Onstage Mitch Lucker was about as great as it gets.
In 2009 Trebuchet was first introduced to the band via an awesome second stage final day performance that floored an audience already saturated by phenomenal music. Suicide Silence were always a tight group of musicians and live everyone gave the proverbial percentage however the rake thin front man insanely screaming into the faces of the front row was hard to miss.
He was simply working on a level above that of many other heavy music front-men and it’s something that the kids were picking up on.
When Trebuchet interviewed him some years it was before a North London gig. The interview was for 5pm and already there were several hundred teenage kids lining up around the block. Suicide Silence was their band, sometimes a band meets an audience at the right time in both their lives and a front man is an important part of the equation. Some front-men look down on their audiences, some are like older brothers, and some front-men never back away from being a music fan – no more no less.
Whoever watched Mitch perform never got anything but the feeling that he was performing music he loved for people that he felt were just like him. That what’s drew the hundreds of kids to the shows each night and kept them coming back, kept them buying the shirts and on November the 2nd 2012 had them holding a candlelight vigil at the location of his motorcycle accident.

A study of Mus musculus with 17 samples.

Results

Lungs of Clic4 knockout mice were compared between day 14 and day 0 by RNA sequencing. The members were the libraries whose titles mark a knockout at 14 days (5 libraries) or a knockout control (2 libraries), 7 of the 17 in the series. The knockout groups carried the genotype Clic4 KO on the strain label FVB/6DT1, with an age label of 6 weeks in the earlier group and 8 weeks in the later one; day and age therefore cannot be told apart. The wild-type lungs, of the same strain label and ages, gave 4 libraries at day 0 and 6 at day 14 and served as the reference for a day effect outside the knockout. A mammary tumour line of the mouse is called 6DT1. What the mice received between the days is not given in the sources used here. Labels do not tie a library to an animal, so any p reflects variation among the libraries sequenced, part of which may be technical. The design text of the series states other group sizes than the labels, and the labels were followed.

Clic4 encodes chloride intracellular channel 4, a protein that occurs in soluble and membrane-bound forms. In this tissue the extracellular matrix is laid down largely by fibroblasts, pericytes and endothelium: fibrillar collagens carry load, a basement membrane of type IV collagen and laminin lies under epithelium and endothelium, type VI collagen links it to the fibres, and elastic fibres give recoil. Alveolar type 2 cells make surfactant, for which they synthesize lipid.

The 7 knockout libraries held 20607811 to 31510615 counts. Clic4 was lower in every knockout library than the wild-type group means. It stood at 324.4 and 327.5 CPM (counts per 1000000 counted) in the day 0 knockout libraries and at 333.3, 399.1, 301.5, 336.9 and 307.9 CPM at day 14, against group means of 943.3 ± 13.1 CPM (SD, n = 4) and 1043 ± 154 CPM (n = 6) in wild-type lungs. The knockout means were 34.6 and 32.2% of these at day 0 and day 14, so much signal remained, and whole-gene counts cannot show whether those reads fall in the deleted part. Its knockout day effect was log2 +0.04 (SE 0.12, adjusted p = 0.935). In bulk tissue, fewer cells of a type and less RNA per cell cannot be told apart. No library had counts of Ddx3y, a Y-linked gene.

That Mitch was to die as a result of a traffic accident seems impossibly random, the ordinary finality of the event, seems so disconnected from the triumphs and potentialities of his life as a ‘touring musician’ to be almost surreal. It isn’t a decadent ‘rock star’ way to go but it wasn’t mundane either. He was riding a Harley. He was doing what he loved and in that respect he left as he lived.
Suicide Silence never took their audience for granted and Mitch always made sure that the crowd knew THEY were appreciated, loved, nurtured and would never be let down. The equation was simple, honest and universal and whatever personal complications there might be the band and the fans kept it straight-forward and direct.
The voice. Mitch’s musical control of his voice was remarkably broad with a strong spectrum of techniques and tonal variation that is outside the capabilities of many scream-core singers. Far from being two dimensional Mitch managed to conjure whole cinematic vistas of intensity, horror, darkness and release matching and elevating the music of his brothers to heights which took the band around world (almost non-stop) and lead them to strong support slots with greats like Megadeth and Machine Head. It had been several years since Mitch had to wonder whether he could have a high profile career the only question was how far could he go.
Mitch Lucker’s death has encapsulated his work in timeless youth and through his family and his music and his fans he’ll live on young forever.
RIP. Mitch Adam Lucker 1984-2012.
Photos copyright of Carl Byron Batson. 2012.